Are guns, cash missing from the Atwater police evidence room? State launches probe

An Atwater Police Department vehicle turns onto Bellevue Road in Atwater, Calif., on Friday, March 30, 2018.
An Atwater Police Department vehicle turns onto Bellevue Road in Atwater, Calif., on Friday, March 30, 2018.

The state Justice Department is investigating whether evidence collected in criminal cases may have disappeared from the Atwater Police Department, the Merced Sun-Star has learned.

The Merced County District Attorney’s Office sent a letter on July 26 to defense attorneys who work in the area saying “there have been security issues with evidence” stored by the Atwater Police Department.

“It is possible there is missing evidence,” District Attorney Larry Morse II said in the letter. “This is currently under investigation.”

Two sources with knowledge of the issue confirmed investigators believe the potentially missing evidence includes multiple guns, a large amount of cash and potentially other evidence with high dollar value, including drugs.

In an interview Thursday, Morse said the size of the problem remained unclear, but confirmed that the state Attorney General’s Office has agreed to put together a team to investigate the matter. He said the potentially missing evidence may be exculpatory, meaning it could be favorable to defendants.

“It’s far too early for us to have any idea. We don’t know what the scope or the scale of this is,” he said.

Morse said his office is required to alert defense attorneys to any potential problems with evidence. He declined to comment on the investigation and what evidence could be missing.

“Prosecutors have to be able to account for evidence all the way from where it’s collected at a crime scene to when it’s presented in court,” he said.

Defense attorneys react

Merced County criminal defense attorneys said the issue was troubling but also said it was too early to know whether the missing-evidence probe would delay any ongoing cases.

“We’re still evaluating how to deal with this,” Public Defender David Elgin said Thursday. “It certainly raises serious concerns about the integrity of evidence and that could have ramifications for every Atwater Police Department case.”

Elgin said his office will need to look at each case individually to determine whether problems exist, a process that may take a long time depending on the scope of the issue.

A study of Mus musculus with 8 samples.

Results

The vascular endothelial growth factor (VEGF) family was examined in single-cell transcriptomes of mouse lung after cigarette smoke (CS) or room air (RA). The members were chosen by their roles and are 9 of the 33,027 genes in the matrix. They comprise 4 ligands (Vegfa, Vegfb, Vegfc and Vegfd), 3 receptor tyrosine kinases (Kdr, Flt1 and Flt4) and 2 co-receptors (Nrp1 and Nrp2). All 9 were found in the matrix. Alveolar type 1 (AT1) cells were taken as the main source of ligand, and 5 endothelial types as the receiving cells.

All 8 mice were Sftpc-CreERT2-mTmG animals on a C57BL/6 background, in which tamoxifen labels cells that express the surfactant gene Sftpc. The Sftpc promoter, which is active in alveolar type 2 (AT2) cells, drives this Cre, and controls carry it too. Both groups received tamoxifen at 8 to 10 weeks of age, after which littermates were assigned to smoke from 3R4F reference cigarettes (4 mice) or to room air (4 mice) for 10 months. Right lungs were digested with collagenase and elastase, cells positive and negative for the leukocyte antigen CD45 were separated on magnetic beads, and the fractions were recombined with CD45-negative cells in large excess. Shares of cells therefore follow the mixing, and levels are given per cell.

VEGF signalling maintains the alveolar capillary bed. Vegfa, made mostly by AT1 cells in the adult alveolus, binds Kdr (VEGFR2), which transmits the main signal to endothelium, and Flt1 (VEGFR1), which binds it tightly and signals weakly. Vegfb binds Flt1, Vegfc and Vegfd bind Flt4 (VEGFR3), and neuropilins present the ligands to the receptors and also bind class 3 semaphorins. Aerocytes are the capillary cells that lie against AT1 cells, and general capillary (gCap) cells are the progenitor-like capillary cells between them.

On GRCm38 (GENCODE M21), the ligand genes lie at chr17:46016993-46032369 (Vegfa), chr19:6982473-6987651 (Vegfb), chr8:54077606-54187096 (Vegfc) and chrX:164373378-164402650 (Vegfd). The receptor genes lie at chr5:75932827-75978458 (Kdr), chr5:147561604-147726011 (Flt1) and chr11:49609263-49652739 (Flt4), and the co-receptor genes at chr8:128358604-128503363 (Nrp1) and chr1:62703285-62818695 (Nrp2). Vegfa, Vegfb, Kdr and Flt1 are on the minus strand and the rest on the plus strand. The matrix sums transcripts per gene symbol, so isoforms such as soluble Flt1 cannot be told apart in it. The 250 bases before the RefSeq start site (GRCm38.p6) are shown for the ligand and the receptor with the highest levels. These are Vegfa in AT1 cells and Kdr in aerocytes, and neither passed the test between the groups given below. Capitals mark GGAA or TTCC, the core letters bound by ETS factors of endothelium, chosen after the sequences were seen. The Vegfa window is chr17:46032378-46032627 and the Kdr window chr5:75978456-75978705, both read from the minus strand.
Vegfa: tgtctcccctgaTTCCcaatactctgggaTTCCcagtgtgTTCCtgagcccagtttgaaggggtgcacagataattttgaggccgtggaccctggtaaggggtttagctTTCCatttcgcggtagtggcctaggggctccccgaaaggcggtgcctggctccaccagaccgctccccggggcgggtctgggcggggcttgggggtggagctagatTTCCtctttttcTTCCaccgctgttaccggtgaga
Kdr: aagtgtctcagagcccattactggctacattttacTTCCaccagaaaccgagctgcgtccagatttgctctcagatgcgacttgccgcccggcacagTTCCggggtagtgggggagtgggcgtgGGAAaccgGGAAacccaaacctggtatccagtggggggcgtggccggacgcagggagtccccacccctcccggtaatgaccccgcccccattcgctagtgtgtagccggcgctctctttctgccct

“One of the problems we have right now is that there’s no date range for when these potential problems occurred,” Elgin said.

Attorney Jeffrey Tenenbaum declined to comment on the Atwater investigation directly but said evidence collection and preservation is “critical” in any criminal case.

“One of the first things we always look at is all the evidence in a case to see how it would affect potential liability,” Tenenbaum said. “There are times when we find irregularities and that can have an impact on the case against our clients.”

Audit started ball rolling

Potential discrepancies with the evidence came to light earlier this year when Interim City Manager Art de Werk took over and began an audit of all the city’s services. De Werk had a controversial three months as the city leader, which also included him placing Police Chief Samuel Joseph on paid administrative leave in January. Joseph remained on leave Thursday.

De Werk asked the Merced County Sheriff’s Office to review the department, including evidence storage practices. Deputies discovered “documented evidence that was missing,” Sheriff Vern Warnke said Thursday. The sheriff, citing a need to protect the investigation, declined to comment on specifics.

Warnke said it’s too early to know whether the evidence was lost through “bad record keeping.”

“DOJ is leading this and we’ll get to the bottom of this,” Warnke said Thursday.

Interim City Manager Lori Waterman said she could not say whether the discrepancies in the evidence locker had anything to do with Joseph being placed on leave. “It’s still an ongoing personnel investigation,” she said of Joseph.

Reached for comment Thursday, Joseph referred all questions to his attorney, Michael Rains, who could not be reached for comment.

Councilmember Brian Raymond said former Interim Police Chief Armando Echevarria began the effort to clean up policies surrounding the evidence locker and the process was shored up by Interim Police Chief Drew Bessinger.

“It’s one of many issues we’re dealing with and it’s very troubling,” Raymond said on Thursday.

Bessinger issued a statement about the evidence locker, saying he’s working with the Department of Justice, Warnke and Morse to “investigate inconsistencies discovered during a spot audit.”

“We are currently in contact with other agencies that have the resources and expertise to assist us in addressing and remedying any issue we discover,” he said.